The Biggest Digital "Winner" of 2009: Listening to Your Audience

By: Sam Ford, PepperDigital

As the PepperDigital team looks back at the winners and the losers of digital in 2009, so to speak, I want to focus less on the actual case studies and more on what I consider the winning criteria of the year: listening. I started out the year writing about Ford's Scott Monty, who was getting considerable attention at the time for monitoring, and being responsive to, discussions online about the future of the automotive industry amidst the crumbling of Detroit's financial stability. At a pivotal time for the automotive industry, Ford differentiated itself by showing that it was a little bit more in touch with what was happening in culture than the competition. Sure, Monty's efforts were only a tiny sliver of the company's overall public presentation, but I'd argue that this conversational approach probably gave Ford a return on its investment several times over at a time when all the automotive manufacturers were seen as out of touch with reality.

As 2009 continued on, I've been heartened to see companies increasingly evaluated on their responsiveness to their customers and the wider culture. At a recent conference, I heard Coca-Cola explain how various search engines and social sites were what they considered their "home page." In late 2008, Motrin was watched closely as their identification of a cultural trend–the proliferation of mothers carrying their children in slings–led them to launch a campaign that backfired with mommy bloggers who were insulted by the idea a drug would be pitched to them to help them cope with carrying their child. And debate continues about Skittles' decision to turn its home page into its Twitter feed, as some say it's indicative of this ethos of listening to your audience and admitting that the customer defines the brand while others felt it was an indication of surface-level hearing–and in this case reflecting what audiences were saying verbatim online–without necessarily actually listening to what their customer wanted.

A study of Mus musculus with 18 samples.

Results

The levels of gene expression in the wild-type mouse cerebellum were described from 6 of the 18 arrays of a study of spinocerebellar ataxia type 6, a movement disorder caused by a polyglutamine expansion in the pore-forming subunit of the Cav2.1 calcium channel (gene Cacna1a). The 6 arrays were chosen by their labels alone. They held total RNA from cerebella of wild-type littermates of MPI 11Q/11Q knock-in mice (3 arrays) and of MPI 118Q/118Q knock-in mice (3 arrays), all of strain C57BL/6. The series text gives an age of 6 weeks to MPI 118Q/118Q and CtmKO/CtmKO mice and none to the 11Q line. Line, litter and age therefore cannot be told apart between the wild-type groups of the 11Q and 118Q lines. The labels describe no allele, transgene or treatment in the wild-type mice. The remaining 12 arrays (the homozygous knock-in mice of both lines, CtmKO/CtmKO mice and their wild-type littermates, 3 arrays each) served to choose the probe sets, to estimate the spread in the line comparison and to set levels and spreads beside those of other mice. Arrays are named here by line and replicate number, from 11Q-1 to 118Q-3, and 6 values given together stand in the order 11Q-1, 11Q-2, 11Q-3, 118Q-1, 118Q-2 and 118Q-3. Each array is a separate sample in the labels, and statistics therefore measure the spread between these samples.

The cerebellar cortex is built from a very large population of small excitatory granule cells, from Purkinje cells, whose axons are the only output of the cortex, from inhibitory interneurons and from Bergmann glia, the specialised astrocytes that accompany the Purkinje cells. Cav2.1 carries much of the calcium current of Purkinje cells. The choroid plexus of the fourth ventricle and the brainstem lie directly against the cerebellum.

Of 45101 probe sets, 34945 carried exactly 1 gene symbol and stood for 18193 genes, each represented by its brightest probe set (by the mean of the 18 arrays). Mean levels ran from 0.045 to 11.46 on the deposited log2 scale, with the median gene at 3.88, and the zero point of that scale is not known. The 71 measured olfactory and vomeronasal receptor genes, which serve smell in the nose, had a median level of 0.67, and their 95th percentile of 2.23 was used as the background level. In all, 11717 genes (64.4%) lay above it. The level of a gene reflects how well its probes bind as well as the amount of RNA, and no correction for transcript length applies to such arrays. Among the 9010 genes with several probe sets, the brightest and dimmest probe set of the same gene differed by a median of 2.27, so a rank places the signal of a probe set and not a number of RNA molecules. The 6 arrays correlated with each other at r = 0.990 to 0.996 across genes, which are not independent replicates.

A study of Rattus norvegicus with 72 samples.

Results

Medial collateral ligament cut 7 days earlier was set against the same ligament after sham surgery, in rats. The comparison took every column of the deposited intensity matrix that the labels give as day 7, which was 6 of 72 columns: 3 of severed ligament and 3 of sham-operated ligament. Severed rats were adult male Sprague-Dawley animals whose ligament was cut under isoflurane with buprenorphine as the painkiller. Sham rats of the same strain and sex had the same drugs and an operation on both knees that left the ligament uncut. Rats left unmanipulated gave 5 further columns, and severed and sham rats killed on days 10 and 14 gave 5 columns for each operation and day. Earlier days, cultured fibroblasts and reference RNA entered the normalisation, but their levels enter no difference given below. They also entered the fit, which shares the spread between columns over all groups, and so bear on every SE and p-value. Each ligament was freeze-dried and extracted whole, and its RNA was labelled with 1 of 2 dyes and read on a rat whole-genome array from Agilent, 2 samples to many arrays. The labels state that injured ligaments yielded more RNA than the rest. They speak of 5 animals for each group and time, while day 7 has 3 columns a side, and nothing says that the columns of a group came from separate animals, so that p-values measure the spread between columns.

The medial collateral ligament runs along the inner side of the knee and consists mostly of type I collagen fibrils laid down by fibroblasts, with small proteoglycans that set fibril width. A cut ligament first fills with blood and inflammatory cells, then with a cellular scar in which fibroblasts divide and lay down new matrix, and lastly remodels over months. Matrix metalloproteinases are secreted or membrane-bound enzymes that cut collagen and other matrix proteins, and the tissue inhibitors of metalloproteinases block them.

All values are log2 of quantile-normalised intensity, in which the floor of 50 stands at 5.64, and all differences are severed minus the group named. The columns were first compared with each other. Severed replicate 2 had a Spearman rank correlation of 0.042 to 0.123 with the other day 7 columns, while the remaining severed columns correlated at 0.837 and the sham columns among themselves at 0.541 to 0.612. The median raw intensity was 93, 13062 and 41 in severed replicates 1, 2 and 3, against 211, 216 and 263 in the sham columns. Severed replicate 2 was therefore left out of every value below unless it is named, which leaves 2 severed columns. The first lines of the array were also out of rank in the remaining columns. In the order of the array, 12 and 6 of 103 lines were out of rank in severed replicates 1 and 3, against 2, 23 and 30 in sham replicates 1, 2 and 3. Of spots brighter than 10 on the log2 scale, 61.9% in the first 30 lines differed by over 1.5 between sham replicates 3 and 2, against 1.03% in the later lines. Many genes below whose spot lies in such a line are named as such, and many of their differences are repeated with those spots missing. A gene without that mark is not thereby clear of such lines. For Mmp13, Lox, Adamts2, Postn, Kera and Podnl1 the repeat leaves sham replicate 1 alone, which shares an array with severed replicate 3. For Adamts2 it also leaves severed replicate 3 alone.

One of the biggest success stories of the year has been Comcast, who turned widespread customer dissatisfaction into a social media monitoring program that focuses on Comcast listening to and proactively responding to customer issues on Twitter and in the blogosphere. This doesn't mean that customer still don't have major frustrations with the cable service provider, but the campaign has empowered the company to respond to a great number of public complaints and, in the process, receive a great deal of positive publicity about how the company had taken customer complaints seriously and made genuine efforts to fix some of the problems that plagued them. Meanwhile, companies such as Southwest Airlines remain gold standards for companies to aspire to, an airline (one sector that, along with service providers, has traditionally generated widespread customer dissatisfaction) that generates a unique culture with a great deal of customer passion, thanks in large part to its highly participatory blog and Twitter presence.

So, for me, the success story of 2009 has been the broader idea that social media is for listening. Brands who, in a previous era, were primarily concerned with whether they should launch a blog, a YouTube channel, or a podcast series are increasingly thinking instead about how to proactively listen and respond, whether that be reaching out to customers directly or finding ways to turn the intelligence gathered from audience feedback online into intelligence that impacts the way a brand does business.

Grant McCracken's latest book, Chief Culture Officer, makes the argument that corporations need to have a breathing relationship with culture, taking in meaning and feedback from the culture and then giving meaning back to that culture. (Full disclosure: I'm featured in the book, so I have a vested interest in its argument.) It seems to me that listening to the audience has to be a fundamental cornerstone of that work, situating a brand within the larger concerns of the audiences it's trying to reach and the larger culture in which it operates. In 2010, I hope to see that understanding of listening to the audience become more nuanced as brands no longer have to think about whether or not they will listen but rather how they will listen more effectively and what they will do to take the intelligence gleaned from listening broader and deeper in their organization.